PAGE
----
Gene Therapy-Immunotherapy Combination Could Reverse Multiple Sclerosis

Multiple sclerosis (MS) was prevented and, in some cases, reversed in mouse models of the disease using an investigational gene therapy technique that suppresses the immune response that causes the disease, according to a study published by Molecular Therapy.
 
The study authors combined the transfer of a brain protein gene plus rapamycin, which essentially cured animal models of MS. These results suggest that curing humans of MS and other autoimmune disorders may be possible through the gene therapy-immunotherapy approach, according to the authors.
 
MS affects millions of people worldwide and is characterized by an immune attack against the myelin that protects nerves. Patients may experience issues with muscle strength, vision, and speech.
 
In the study, the authors delivered the myelin oligodendrocyte glycoprotein (MOG) into the livers of mice by using the adeno-associated virus (AAV). The MOG protein produces regulatory T cells, which can suppress the immune system attack against the myelin, according to the authors.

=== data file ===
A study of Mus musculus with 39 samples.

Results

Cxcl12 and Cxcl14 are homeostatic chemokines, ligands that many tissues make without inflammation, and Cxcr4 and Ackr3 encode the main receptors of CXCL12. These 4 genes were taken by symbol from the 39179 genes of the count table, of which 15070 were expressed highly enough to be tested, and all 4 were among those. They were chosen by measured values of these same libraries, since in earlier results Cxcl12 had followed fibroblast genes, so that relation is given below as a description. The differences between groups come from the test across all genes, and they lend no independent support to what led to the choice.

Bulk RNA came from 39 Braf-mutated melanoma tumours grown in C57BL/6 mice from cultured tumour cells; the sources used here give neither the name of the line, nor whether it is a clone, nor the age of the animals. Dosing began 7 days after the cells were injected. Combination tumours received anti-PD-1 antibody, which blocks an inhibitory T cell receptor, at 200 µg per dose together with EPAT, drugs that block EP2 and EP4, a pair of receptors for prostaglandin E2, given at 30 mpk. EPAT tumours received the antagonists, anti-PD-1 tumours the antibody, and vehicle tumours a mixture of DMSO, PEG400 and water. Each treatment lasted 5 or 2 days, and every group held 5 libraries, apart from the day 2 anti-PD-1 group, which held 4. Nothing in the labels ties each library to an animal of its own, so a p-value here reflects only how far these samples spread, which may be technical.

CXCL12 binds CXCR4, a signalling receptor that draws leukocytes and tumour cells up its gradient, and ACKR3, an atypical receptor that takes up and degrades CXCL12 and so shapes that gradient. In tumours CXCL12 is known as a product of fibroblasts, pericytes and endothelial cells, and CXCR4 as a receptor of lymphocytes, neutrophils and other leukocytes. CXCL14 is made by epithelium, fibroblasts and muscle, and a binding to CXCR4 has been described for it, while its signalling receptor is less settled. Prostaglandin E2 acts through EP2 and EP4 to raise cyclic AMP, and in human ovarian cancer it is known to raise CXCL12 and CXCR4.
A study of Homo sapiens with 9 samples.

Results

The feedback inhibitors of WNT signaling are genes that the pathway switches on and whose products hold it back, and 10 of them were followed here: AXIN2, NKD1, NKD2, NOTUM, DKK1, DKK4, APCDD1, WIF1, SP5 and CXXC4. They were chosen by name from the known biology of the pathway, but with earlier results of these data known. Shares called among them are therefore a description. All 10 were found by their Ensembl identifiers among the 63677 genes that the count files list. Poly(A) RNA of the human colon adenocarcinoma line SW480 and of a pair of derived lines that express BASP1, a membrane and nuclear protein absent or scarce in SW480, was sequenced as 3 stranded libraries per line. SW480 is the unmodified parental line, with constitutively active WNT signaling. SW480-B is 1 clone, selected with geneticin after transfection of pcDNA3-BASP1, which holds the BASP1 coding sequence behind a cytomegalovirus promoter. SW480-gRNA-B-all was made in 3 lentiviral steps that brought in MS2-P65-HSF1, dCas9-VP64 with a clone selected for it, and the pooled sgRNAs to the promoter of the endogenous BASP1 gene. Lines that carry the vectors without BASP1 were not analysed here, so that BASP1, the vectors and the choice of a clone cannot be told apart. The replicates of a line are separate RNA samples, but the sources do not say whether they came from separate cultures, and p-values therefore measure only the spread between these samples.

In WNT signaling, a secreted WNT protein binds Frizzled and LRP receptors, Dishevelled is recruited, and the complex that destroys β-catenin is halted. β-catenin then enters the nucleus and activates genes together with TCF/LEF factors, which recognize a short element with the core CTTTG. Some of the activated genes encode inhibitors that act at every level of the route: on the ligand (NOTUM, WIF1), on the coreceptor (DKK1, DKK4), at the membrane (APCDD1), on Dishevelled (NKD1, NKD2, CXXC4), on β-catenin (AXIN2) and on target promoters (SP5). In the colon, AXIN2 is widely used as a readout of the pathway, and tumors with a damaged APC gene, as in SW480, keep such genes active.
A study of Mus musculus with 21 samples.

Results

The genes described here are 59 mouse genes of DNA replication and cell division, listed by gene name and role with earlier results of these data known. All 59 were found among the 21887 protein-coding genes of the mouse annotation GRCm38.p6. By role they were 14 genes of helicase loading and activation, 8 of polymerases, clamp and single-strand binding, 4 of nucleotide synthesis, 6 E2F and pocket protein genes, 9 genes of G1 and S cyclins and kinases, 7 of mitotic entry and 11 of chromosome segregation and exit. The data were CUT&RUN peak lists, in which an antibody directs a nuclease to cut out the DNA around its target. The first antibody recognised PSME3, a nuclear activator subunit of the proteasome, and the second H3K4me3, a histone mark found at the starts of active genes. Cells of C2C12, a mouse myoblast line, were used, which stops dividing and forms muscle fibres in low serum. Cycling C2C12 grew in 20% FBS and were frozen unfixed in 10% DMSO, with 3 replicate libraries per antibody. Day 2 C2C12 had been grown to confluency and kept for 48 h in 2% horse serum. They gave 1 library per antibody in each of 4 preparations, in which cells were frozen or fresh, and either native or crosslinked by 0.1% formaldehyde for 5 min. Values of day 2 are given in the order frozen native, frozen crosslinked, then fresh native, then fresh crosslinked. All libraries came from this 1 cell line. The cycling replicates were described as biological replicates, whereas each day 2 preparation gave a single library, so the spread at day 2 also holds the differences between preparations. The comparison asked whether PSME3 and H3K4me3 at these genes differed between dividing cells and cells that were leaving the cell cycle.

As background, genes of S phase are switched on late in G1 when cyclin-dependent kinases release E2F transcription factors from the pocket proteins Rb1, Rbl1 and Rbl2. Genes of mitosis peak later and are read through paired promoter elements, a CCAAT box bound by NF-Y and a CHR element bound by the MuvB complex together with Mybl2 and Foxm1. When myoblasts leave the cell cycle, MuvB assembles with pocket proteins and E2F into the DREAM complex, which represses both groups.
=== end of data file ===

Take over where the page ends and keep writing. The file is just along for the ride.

The efficacy of the gene therapy is due to the delivery of the protein to the liver, which promotes immune tolerance, according to the study.
 
“Using a clinically tested gene therapy platform, we are able to induce very specific regulatory T cells that target the self-reactive cells responsible for causing multiple sclerosis,” said researcher Brad E. Hoffman, PhD.
 
Many previous studies have shown that the MOG protein can prevent and reverse MS alone. In the current study, this approach was tested in groups of up to 10 mice and was conducted multiple times.
 
The authors found that the treatment was long-lasting. Mice treated with gene therapy alone were observed to have no signs of disease activity after 7 months, while control mice showed neurological problems within 14 days, according to the study.
 
When the gene therapy was combined with rapamycin, the efficacy of the treatment was amplified. Rapamycin is an immunotherapy drug used to prevent organ transplant rejections by dampening the immune response. The authors chose this drug because it allows regulatory T cells to proliferate and blocks effector T cells, according to the study.
 
Approximately 71% and 80% of the mice in the 2 groups administered the dual therapy went into near-complete remission. Remarkably, these mice previously had hind-limb paralysis or near quadriplegia.
 
These findings suggest that gene therapy plus rapamycin may be able to inhibit and reverse MS-related paralysis, according to the study.
 
The authors said that this approach must be studied further before being tested in humans, but the gene therapy-immunotherapy could possibly cure MS.
 
“If our gene immunotherapy can provide long-term disease remission, patients will have long-term improvement with a higher quality of life and that is a very promising outcome,” Dr Hoffman concluded.